This is what the address, for which R1.9m has been budgeted, will look like. However, the cost could ‘come down’

Amanda Khoza Presidency reporter
National Assembly speaker Nosiviwe Mapisa-Nqakula says it's too late to change Sona plans.
THE HORSE HAS BOLTED National Assembly speaker Nosiviwe Mapisa-Nqakula says it's too late to change Sona plans.
Image: Gallo Images/Rapport/Deaan Vivier

The State of the Nation Address (Sona), which marks the official start of the parliamentary calendar, will take place without the usual “razzmatazz”.

On February 10 President Cyril Ramaphosa will deliver the address at the same venue former president Nelson Mandela made his first address to the nation after being released from prison on February 11 1990 — the Cape Town city hall.

This is after a January 2 fire gutted the national assembly building, including the chamber where official sittings of the assembly and joint sittings of both houses of parliament are held.

Details of what is expected on the day were outlined during a joint programming committee meeting of the national assembly and national council of provinces on Thursday morning. 

In his report to MPs, secretary to the national assembly Masibulele Xaso said in compliance with Covid-19 regulations, only 300 MPs from both houses will attend.

Guests will include members of the judiciary, legislature, executive, premiers and speakers of provinces, with the remainder of members attending virtually. Former presidents and heads of Chapter Nine institutions will also be invited.

Ramaphosa will be ushered in by a Setswana praise singer and, in honour of those who died of Covid-19 in 2021, there is a proposal for a lantern-lighting ceremony in the foyer of the city hall. 

Doctors, paramedics and a mobile clinic will be on standby in case of an emergency, said Xaso. 

On the budget, Xaso said: “The figure is around R1.9m at the moment, but that figure is being refined and could go down.”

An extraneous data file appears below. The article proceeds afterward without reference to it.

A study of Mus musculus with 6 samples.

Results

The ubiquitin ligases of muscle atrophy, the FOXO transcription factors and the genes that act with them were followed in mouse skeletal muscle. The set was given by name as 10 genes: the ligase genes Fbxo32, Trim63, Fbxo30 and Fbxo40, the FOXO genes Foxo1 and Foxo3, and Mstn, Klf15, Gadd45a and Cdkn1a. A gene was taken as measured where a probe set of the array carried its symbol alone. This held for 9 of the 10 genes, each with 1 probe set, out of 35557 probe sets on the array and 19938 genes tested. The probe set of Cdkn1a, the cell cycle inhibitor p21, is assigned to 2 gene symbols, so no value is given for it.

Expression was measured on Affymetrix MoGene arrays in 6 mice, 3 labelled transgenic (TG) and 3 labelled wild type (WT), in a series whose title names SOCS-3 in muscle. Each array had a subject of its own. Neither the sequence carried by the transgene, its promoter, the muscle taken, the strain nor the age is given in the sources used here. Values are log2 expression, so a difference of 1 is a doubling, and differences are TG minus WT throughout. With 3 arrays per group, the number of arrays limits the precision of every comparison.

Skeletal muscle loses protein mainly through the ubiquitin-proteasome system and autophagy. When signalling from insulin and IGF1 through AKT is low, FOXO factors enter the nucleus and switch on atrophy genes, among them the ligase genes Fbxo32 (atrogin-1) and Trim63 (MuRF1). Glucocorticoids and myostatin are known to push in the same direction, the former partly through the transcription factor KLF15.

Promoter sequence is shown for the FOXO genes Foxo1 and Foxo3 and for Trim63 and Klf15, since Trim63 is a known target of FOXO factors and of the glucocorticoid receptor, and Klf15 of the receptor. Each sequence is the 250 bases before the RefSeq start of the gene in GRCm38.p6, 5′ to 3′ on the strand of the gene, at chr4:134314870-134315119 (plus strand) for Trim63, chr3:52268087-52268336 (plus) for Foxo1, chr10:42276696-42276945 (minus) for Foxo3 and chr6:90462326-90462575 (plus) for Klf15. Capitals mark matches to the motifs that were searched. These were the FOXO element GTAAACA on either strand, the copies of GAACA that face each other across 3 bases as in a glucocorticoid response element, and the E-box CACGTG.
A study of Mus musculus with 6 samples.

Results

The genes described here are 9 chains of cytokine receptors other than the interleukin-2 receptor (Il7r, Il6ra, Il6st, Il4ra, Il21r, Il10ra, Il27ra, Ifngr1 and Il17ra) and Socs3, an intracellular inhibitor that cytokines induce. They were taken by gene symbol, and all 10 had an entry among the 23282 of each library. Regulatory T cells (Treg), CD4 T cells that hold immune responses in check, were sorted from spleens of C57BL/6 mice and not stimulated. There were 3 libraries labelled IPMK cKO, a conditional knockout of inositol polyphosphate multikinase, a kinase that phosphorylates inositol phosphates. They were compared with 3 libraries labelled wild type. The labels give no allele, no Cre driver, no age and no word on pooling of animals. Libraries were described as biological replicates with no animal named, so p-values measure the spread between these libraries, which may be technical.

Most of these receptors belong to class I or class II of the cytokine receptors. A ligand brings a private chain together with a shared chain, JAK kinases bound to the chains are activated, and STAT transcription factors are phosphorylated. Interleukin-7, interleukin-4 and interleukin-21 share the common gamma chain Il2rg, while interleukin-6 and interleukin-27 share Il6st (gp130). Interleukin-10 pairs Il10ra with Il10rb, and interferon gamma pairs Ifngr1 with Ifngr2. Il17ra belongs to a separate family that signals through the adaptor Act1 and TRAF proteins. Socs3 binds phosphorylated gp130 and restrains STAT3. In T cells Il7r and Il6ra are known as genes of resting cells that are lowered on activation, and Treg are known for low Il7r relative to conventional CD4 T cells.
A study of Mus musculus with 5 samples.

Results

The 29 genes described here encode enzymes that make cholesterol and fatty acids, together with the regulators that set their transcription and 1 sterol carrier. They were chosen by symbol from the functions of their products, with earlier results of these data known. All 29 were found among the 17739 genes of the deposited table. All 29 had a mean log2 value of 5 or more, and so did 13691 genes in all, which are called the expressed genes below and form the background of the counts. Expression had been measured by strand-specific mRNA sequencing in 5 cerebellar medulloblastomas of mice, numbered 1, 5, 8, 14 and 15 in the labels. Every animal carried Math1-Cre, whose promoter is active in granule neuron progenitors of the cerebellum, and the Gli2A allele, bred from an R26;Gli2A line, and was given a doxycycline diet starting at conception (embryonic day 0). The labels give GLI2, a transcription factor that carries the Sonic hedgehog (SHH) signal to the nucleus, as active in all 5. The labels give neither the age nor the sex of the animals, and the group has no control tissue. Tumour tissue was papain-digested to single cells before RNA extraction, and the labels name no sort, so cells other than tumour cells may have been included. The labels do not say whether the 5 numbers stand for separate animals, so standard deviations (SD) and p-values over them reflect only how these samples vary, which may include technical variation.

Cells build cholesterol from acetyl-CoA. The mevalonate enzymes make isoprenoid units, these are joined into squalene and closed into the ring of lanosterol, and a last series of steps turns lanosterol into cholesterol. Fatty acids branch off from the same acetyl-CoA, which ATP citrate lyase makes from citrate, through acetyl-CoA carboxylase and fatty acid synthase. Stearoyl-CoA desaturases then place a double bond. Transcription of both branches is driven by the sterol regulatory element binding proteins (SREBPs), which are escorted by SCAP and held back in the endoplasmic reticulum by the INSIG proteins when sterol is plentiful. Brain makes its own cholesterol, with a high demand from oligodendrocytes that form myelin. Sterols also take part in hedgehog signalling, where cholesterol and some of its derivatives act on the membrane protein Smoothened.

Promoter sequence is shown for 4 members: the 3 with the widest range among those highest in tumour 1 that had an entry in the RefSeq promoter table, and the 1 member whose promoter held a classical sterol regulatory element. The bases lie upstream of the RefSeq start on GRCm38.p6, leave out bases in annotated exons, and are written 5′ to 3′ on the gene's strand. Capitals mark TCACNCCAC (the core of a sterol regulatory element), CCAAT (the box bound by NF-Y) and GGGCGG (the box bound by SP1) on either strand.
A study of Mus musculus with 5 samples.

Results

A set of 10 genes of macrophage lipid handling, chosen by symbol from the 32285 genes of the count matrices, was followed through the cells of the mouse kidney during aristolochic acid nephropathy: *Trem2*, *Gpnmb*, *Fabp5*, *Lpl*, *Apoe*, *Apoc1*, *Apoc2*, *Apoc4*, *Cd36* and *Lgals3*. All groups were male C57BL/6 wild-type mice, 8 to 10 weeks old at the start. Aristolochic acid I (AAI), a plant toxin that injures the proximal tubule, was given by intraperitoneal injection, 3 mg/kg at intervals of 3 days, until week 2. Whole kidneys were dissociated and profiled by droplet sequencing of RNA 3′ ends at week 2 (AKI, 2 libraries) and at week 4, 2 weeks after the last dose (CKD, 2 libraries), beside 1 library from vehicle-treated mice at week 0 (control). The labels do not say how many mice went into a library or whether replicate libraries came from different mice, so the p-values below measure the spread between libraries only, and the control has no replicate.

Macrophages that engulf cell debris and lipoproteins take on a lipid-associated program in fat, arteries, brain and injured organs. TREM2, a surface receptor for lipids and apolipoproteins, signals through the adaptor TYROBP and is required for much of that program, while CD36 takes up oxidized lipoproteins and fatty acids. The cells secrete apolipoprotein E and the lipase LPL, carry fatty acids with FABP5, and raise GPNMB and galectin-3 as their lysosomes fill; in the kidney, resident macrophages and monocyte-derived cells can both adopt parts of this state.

Regarding the costs involved, the IFP’s Narend Singh said: “Last year we had a very lean and mean Sona ... We would suggest that there should be no undue razzmatazz and additional expense that went with Sona three years ago.” 

Deputy speaker Lechesa Tsenoli agreed, saying there were “fanciful things that perhaps we can do without. Given the environment we are operating in, that is absolutely necessary, so there is no question about it.”

On security on the day, MPs were told that the National Joint Operational and Intelligence Structure (NATJOINTS) was scheduled to meet on Thursday to discuss matters.

“What we are able to confirm is that everything possible is being done to ensure that there is proper security for that day and meetings have been taking place between ourselves and the security people. Everything is being done to ensure the event is properly secured.”

Xaso said there would be search parks and MPs would leave their vehicles at parliament and be shuttled to the venue. 

The EFF’s Floyd Shivambu asked for clarity on the number of people that would be permitted to attend the address saying, “We are of the view that in the current Covid-19 regulations and lockdown it is permissible to have 1,000 people in an indoor facility and 2,000 outdoors.

“We might need to agree in principle that if we are going to convene parliament in a venue that is capable of accommodating all members of parliament, then all members of parliament must be called to attend the Sona and the debates thereafter.” 

This, he said, would demonstrate to society that parliament was entering a different phase in terms of managing the pandemic. “Members of parliament must lead from the front,” he said. 

Tsenoli told Shivambu the number was agreed upon to comply with Covid-19 regulations. 

The ANC’s Pemmy Majodina told MPs that under normal circumstances the city hall could accommodates about 900 people. “But with Covid regulations we had to work out and meet the Covid requirements, hence the number is 300, so it is impossible to have all the members.” 

She said other venues had been considered before settling on the city hall. 

“We also looked at the financial implications of that and that is why we resorted to the city hall. It was ideal to get all members of parliament, but unfortunately, due to office space, venue and capacity, we are unable to get all of them.” 

The EFF’s Hlengiwe Mkhaliphi suggested the venue be changed to accommodate all MPs. However national assembly speaker Nosiviwe Mapisa-Nqakula said preparations for Sona were at an advanced stage and could not be amended.

“A lot of work has gone into the Sona preparations that we have agreed as political parties.” 

Mapisa-Nqakula said the most suitable and cheapest venue was the city hall.